New research estimates that around half a billion pounds is wasted each year in England on medicines that can cause dependency, including antidepressants, painkillers and sleeping pills.
The research is released by the All-Party Parliamentary Group for Prescribed Drug Dependence, in conjunction with the universities of Roehampton, Greenwich and University College London (UCL).
The study, the estimated costs incurred by the NHS in England due to the unnecessary prescribing of dependency-forming medications, estimates that, over the period April 2015 to March 2018, up to 21.3 per cent of the costs of prescriptions of antidepressants, up to 72 per cent of benzodiazepines, up to 76 per cent of z-drugs and up to 53 per cent of opioids were unnecessary. In addition, up to 54.4 per cent of the costs of gabapentinoid prescriptions for pain and up to 12.6 per cent of gabapentinoids prescriptions for psychiatric conditions were unnecessary.
This led to estimates of unnecessary annual prescription costs of up to £43.2m for benzodiazepines, up to £28.5m for Z-drugs, up to £288m for opioids, up to £158.5m for gabapentinoids and up to £65.1m for antidepressants. The estimated annual unnecessary costs of prescribing for all five classes of medicines ranged between £493m to £564m, when unnecessary consultation and dispensing costs were included.
Researchers define unnecessary prescribing as prescribing that either contravenes current NICE guidelines, or where no evidence exists for efficacy or continued clinical need, despite long-term use.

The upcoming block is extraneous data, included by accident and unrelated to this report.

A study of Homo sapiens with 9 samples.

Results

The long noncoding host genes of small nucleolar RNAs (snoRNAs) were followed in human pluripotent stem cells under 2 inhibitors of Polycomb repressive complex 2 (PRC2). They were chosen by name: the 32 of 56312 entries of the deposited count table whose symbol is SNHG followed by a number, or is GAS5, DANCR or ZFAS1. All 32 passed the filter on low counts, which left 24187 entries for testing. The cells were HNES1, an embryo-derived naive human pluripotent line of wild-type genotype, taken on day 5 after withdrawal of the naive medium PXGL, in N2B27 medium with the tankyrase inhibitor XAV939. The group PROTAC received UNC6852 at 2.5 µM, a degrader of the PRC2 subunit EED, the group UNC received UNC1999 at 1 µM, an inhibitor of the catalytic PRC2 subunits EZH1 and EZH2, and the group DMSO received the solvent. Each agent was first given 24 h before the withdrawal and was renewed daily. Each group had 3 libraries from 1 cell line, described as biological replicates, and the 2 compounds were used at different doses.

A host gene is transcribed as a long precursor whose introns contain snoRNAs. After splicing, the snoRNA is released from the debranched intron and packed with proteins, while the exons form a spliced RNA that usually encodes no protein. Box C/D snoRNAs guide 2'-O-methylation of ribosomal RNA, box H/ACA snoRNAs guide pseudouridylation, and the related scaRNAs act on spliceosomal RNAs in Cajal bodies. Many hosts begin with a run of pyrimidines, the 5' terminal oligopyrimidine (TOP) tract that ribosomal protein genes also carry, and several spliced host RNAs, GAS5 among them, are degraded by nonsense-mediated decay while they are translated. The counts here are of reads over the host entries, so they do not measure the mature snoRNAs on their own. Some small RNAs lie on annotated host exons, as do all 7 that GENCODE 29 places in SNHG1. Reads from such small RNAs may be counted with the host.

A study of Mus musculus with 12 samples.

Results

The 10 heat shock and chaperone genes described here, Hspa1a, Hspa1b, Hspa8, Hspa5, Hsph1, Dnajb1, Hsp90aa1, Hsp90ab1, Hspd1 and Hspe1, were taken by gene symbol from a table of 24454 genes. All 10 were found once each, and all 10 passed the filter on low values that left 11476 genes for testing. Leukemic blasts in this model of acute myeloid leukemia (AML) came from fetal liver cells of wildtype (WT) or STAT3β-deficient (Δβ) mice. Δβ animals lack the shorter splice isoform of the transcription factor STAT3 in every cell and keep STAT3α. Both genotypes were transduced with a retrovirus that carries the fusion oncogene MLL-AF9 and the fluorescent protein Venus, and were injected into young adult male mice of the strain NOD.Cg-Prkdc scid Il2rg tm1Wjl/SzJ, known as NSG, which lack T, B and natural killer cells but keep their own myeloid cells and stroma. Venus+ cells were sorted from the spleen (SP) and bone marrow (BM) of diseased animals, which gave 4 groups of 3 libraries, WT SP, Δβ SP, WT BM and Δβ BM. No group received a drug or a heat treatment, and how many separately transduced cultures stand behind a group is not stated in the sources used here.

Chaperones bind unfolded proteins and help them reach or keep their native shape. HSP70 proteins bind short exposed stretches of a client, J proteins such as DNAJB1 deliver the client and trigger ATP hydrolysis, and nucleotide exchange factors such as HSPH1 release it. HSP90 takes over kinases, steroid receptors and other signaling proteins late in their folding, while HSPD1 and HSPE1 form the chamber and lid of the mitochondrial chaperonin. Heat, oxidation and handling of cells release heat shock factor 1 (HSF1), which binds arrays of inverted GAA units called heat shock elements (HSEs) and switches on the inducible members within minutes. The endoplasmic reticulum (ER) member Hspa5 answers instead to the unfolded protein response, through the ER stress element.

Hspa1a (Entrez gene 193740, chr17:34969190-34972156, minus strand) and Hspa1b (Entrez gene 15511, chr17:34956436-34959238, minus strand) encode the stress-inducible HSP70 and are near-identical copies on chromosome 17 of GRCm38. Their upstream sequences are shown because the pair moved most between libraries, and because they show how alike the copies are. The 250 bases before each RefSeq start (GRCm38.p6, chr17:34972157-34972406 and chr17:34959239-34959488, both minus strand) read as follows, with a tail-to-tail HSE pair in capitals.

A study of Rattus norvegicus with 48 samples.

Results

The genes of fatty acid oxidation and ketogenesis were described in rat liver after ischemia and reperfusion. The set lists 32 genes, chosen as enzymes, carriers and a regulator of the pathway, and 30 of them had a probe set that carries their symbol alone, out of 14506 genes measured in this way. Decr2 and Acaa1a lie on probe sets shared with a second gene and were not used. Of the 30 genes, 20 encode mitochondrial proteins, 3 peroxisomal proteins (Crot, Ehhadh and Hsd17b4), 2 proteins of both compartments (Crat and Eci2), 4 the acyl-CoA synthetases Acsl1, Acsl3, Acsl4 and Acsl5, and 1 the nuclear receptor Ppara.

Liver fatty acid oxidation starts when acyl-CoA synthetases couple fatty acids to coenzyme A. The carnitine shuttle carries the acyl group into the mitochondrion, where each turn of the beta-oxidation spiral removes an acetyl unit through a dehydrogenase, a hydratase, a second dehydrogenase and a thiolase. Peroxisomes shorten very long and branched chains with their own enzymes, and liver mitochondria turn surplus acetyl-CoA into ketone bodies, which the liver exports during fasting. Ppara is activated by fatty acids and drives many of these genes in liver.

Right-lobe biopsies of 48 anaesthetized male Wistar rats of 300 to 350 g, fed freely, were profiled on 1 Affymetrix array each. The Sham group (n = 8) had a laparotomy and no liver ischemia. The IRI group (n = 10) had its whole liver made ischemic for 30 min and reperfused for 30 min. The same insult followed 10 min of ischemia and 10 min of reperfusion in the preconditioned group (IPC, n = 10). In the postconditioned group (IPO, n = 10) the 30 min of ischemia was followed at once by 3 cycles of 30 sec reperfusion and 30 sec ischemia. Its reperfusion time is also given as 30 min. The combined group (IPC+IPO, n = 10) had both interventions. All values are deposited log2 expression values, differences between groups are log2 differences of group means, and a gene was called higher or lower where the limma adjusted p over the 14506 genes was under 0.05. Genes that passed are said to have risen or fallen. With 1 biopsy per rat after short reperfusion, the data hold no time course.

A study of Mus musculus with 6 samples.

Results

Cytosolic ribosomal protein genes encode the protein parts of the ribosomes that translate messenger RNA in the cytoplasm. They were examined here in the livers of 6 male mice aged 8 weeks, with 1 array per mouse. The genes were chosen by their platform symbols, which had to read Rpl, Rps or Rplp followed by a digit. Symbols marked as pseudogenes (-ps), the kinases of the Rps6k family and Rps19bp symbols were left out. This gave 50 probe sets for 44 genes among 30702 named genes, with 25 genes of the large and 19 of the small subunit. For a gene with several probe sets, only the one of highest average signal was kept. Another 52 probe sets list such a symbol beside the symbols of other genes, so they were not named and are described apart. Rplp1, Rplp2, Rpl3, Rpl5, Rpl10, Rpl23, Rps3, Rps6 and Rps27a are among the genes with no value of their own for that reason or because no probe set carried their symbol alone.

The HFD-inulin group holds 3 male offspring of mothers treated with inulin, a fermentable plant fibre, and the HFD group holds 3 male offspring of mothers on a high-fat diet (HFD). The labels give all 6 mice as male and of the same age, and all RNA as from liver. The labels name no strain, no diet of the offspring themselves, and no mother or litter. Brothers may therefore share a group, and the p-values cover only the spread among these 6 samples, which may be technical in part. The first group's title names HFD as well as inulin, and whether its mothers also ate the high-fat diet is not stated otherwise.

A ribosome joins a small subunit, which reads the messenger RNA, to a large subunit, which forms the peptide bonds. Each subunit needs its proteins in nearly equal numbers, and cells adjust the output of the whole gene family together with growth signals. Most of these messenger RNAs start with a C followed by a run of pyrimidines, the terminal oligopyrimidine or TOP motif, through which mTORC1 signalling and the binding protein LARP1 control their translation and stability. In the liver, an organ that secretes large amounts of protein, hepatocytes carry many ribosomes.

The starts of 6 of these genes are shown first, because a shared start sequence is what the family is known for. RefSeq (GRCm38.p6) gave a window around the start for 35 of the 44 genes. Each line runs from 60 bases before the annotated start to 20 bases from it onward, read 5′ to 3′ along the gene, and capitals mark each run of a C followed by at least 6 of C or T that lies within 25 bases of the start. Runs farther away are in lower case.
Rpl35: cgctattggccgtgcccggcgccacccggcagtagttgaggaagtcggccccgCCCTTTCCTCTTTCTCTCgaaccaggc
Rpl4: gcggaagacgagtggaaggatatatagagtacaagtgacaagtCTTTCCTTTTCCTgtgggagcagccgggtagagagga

In addition to identifying substantial unnecessary prescription waste (including costs incurred through unnecessary consultations and pharmacy dispensing), the research notes that the harms caused by dependency-forming drugs may also lead to other significant costs that the study did not estimate, including higher disability costs, lost tax revenues as well as rising workplace absenteeism and low-productivity costs.
Dr Ruth Cooper, co-lead author of the new research, said: “To help reduce waste, we must engage in careful deprescribing programmes, freeing up resources for more investment in psycho-social alternatives of proven efficacy.”
Professor Joanna Moncrieff, one of the article’s authors, added: “We need a cultural shift in our approach to helping people deal with pain, anxiety and depression, so that it is no longer centred on the use of medication.”
This research follows the publication in 2019 of Public Health England’s Prescribed Medicines Review, which established that over a quarter of the adult population in England (26.3 per cent) had been prescribed a dependency-forming medicine in the previous year.